The World’s Favorite Browser Is Internet Explorer. Or Chrome. Take Your Pick!


As CNET’s Lance Whitney is reporting, the latest browser market-share numbers from Net Applications show that Internet Explorer’s once-overwhelming lead is slipping. Except–well, the report still shows that Microsoft’s browser has more users than everything else combined.

In June, the company says, IE had 54.02 percent of the desktop browser market, followed by Firefox with 20.06 percent. Chrome had 19.06 percent, Safari had 4.73 percent and Opera was the least major of the major browsers with 1.6 percent.

Those numbers are tough to reconcile with a comment made by Sundar Pichai, Google’s Chrome honcho, at the Google I/O conference last week. He showed a chart announcing that Chrome now has 310 million users, and said:

There’s a lot of conversation about share, etc–by our internal metrics and everything we see out there, Chrome is the most popular browser in the world, globally.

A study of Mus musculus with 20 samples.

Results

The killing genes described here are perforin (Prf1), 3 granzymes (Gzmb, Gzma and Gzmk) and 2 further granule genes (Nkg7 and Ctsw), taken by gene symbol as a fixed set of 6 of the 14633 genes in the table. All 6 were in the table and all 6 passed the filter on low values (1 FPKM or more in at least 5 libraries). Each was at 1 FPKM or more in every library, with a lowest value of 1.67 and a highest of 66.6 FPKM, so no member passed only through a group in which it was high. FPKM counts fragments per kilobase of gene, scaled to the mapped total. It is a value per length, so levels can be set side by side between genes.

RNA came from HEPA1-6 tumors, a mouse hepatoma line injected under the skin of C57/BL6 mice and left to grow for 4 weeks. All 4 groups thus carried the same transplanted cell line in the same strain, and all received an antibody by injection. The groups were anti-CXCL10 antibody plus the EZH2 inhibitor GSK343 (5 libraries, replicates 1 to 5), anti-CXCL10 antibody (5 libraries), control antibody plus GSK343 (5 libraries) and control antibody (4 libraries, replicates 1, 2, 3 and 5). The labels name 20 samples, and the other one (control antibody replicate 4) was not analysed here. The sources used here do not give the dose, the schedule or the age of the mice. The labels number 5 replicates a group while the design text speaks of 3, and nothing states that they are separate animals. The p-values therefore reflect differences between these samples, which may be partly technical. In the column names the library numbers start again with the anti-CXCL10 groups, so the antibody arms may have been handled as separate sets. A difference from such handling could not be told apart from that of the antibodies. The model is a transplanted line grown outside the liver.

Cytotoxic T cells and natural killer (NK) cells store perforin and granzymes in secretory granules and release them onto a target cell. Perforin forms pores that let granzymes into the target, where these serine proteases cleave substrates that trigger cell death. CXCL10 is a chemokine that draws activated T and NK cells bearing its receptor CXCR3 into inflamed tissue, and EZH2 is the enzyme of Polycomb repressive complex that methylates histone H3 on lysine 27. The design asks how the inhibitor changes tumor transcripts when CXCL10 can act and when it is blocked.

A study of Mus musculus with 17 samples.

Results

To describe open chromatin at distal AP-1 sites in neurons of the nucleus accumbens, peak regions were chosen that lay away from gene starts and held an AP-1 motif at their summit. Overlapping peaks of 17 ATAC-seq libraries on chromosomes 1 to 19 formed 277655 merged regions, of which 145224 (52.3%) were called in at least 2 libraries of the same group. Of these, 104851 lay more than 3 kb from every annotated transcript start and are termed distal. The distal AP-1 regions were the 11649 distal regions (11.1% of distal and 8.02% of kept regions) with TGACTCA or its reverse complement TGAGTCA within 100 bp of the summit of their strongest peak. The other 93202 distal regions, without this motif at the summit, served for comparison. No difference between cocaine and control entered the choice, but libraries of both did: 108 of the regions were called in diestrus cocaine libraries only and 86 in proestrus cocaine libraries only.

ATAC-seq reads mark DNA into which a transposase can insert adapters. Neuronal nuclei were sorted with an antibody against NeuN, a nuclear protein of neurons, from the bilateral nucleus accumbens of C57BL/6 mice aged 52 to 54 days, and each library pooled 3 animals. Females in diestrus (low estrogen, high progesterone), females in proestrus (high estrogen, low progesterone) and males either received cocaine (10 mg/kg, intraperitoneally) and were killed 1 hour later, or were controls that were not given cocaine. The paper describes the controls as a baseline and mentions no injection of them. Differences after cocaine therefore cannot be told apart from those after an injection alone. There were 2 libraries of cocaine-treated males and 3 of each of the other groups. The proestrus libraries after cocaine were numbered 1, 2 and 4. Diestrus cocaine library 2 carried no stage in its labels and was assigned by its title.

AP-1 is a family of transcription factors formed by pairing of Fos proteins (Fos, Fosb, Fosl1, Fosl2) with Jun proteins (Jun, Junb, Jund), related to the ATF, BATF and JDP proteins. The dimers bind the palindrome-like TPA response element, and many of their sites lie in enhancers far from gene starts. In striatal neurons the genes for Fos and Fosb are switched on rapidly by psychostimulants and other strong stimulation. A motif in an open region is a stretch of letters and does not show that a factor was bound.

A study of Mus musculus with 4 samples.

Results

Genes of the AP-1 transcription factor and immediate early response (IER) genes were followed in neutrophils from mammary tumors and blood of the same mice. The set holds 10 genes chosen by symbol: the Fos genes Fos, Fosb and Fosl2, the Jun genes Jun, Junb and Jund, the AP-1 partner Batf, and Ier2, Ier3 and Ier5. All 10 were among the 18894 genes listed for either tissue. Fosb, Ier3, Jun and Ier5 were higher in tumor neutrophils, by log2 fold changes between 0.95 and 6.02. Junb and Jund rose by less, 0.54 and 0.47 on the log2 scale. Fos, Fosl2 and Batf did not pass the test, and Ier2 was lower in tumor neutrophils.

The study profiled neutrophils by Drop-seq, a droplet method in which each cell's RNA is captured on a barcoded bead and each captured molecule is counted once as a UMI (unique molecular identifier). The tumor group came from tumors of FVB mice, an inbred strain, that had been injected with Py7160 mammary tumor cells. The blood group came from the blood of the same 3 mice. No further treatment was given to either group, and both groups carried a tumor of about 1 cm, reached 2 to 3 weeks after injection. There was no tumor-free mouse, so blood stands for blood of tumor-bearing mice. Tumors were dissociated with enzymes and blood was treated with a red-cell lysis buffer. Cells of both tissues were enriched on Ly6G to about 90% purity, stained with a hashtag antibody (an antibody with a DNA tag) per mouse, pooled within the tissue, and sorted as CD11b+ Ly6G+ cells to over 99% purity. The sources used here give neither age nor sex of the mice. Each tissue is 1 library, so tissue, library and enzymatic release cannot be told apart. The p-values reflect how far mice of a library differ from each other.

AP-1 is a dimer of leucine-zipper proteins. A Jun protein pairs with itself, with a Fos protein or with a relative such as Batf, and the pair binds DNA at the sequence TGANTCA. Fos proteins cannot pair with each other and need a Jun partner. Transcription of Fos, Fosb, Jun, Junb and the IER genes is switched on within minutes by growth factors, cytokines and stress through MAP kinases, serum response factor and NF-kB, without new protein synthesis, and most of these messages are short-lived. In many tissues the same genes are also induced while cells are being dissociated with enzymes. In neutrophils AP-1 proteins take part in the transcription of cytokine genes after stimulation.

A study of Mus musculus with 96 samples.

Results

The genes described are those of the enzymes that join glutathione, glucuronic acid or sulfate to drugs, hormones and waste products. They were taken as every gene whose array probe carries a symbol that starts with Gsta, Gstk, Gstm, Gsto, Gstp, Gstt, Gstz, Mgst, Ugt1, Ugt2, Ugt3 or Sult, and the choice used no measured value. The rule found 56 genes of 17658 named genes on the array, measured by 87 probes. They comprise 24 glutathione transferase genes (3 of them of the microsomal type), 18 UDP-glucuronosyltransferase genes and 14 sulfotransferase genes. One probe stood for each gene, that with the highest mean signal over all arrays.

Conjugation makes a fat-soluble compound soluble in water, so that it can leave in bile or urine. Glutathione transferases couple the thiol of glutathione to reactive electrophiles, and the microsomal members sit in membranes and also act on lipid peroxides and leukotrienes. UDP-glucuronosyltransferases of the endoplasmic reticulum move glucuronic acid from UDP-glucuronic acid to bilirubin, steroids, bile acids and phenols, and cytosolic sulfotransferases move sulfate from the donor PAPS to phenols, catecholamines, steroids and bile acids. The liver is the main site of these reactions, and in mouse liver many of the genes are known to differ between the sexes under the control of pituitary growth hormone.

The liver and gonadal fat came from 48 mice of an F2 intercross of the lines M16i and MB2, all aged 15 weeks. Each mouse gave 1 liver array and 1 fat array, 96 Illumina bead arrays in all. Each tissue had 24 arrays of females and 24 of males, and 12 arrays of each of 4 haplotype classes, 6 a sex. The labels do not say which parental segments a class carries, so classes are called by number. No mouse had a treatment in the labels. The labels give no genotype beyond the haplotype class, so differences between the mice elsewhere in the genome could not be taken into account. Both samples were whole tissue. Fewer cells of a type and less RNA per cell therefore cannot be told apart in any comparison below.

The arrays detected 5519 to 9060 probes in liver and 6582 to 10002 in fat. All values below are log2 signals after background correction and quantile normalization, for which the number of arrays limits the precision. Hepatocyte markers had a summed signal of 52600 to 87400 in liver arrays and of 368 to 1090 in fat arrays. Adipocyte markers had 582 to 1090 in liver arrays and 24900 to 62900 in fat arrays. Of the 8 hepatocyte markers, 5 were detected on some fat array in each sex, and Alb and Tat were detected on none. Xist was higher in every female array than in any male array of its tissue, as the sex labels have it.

As the proprietor of many of the world’s most popular websites, Google is in a good position to collect data on which browsers people are using, so I take Pichai’s statement seriously even though the data is self-serving.

Can Net Applications and Google both be right? No, but they’re presumably going about their work in different ways, based on different criteria. Net Applications discloses its methodology, but Pichai didn’t provide any detail or disclaimers when he made his claim.  It’s possible that his boast includes mobile users, but since the only mobile device to come with Chrome as the standard browser is the Nexus 7 tablet–which isn’t even available to the general public yet–it’s hard to imagine that doing so would impact the browser’s market share much.

Net Applications’ figures are weighted by country, and disagree wildly with those of rival StatCounter, which showed Chrome edging out IE last month. As I wrote at the time, other firms draw still different conclusions. Until all the experts more or less agree, or one of them proves that its methodology and analysis are airtight, any reference to either IE or Chrome being the most widely-used browser needs to have a giant asterisk appended to it.